The UK unemployment rate remained at the lowest level in 43 years in the three months to August, helping the average earnings to increase further amid fears of no-deal Brexit, the Office for National Statistics said Tuesday.
The ILO jobless rate came in at 4 percent, in line with expectations, and was the lowest since February 1975. The number of unemployed decreased 47,000 from the previous quarter to 1.36 million.
At the same time, the employment rate stood at 75.5 percent compared to 75.7 percent in the three months to May.
Average weekly earnings excluding bonuses advanced 3.1 percent annually, the highest since late 2008. At the same time, including bonuses, earnings gained 2.7 percent, compared to the expected growth of 2.8 percent.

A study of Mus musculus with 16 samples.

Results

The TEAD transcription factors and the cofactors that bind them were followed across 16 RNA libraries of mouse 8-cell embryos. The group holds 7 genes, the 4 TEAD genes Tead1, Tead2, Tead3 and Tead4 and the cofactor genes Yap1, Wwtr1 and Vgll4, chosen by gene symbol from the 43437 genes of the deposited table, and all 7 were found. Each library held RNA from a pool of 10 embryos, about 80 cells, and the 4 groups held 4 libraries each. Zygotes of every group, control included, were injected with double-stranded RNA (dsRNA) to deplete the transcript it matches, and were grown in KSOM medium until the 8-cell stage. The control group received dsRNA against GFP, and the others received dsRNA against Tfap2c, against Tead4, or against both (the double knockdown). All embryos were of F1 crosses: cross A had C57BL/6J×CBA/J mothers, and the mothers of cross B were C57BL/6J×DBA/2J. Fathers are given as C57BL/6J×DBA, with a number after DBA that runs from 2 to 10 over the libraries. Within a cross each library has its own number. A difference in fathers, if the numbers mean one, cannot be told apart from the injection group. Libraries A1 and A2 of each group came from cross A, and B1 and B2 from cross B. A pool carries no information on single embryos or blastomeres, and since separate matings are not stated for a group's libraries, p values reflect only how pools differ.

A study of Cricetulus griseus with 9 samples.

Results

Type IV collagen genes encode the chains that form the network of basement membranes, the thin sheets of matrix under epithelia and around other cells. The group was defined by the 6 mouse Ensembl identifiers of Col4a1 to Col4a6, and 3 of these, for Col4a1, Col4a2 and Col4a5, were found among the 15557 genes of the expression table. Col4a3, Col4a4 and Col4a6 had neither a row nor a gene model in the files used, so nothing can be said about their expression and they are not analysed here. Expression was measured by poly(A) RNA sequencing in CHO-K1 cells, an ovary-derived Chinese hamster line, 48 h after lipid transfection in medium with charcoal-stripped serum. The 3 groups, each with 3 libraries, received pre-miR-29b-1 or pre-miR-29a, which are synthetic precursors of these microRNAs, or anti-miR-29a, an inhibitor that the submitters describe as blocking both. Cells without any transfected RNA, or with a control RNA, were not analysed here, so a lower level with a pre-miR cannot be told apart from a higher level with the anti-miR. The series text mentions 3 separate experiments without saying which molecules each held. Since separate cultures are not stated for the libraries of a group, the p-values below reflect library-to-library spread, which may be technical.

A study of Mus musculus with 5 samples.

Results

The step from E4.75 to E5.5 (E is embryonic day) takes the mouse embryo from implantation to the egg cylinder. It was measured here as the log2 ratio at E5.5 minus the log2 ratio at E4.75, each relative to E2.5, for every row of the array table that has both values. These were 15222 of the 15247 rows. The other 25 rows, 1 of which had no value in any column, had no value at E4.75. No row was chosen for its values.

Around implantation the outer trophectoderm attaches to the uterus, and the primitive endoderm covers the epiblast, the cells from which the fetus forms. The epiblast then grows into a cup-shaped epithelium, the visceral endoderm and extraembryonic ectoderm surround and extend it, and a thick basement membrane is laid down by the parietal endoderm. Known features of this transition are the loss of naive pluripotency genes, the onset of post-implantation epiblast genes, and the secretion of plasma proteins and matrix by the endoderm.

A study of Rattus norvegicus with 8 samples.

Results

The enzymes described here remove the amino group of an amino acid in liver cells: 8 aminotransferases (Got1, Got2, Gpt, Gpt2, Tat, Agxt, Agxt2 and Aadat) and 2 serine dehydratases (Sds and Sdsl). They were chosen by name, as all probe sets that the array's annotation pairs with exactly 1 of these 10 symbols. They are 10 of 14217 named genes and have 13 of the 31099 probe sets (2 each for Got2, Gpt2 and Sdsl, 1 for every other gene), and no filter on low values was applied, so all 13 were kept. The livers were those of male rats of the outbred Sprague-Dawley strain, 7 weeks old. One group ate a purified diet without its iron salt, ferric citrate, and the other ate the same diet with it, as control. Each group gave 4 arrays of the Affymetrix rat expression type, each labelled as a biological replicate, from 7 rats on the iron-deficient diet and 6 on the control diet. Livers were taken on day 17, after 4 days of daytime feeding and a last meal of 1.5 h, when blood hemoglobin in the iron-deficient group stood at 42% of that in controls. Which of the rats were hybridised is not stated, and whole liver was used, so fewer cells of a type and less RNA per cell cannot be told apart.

Today’s increase in wage growth supports the assessment that real wage growth is set to accelerate over the next year which should lift consumer spending and feed through into a pick-up in GDP growth in 2019, Thomas Pugh, an economist at Capital Economics, said.
Given that wage growth has been central to the Bank of England’s rate hike rationale, this trend is likely to keep them on their tightening track, James Smith, an ING economist, said.
“Despite the better wage growth figures – that might otherwise see the Bank of England accelerate its tightening plans – we don’t expect policymakers to raise interest rates until May 2019 at the earliest,” Smith noted.
In September, the claimant count rate held steady at 2.6 percent, data showed. The number of people claiming unemployment benefits rose by 18,500 from August.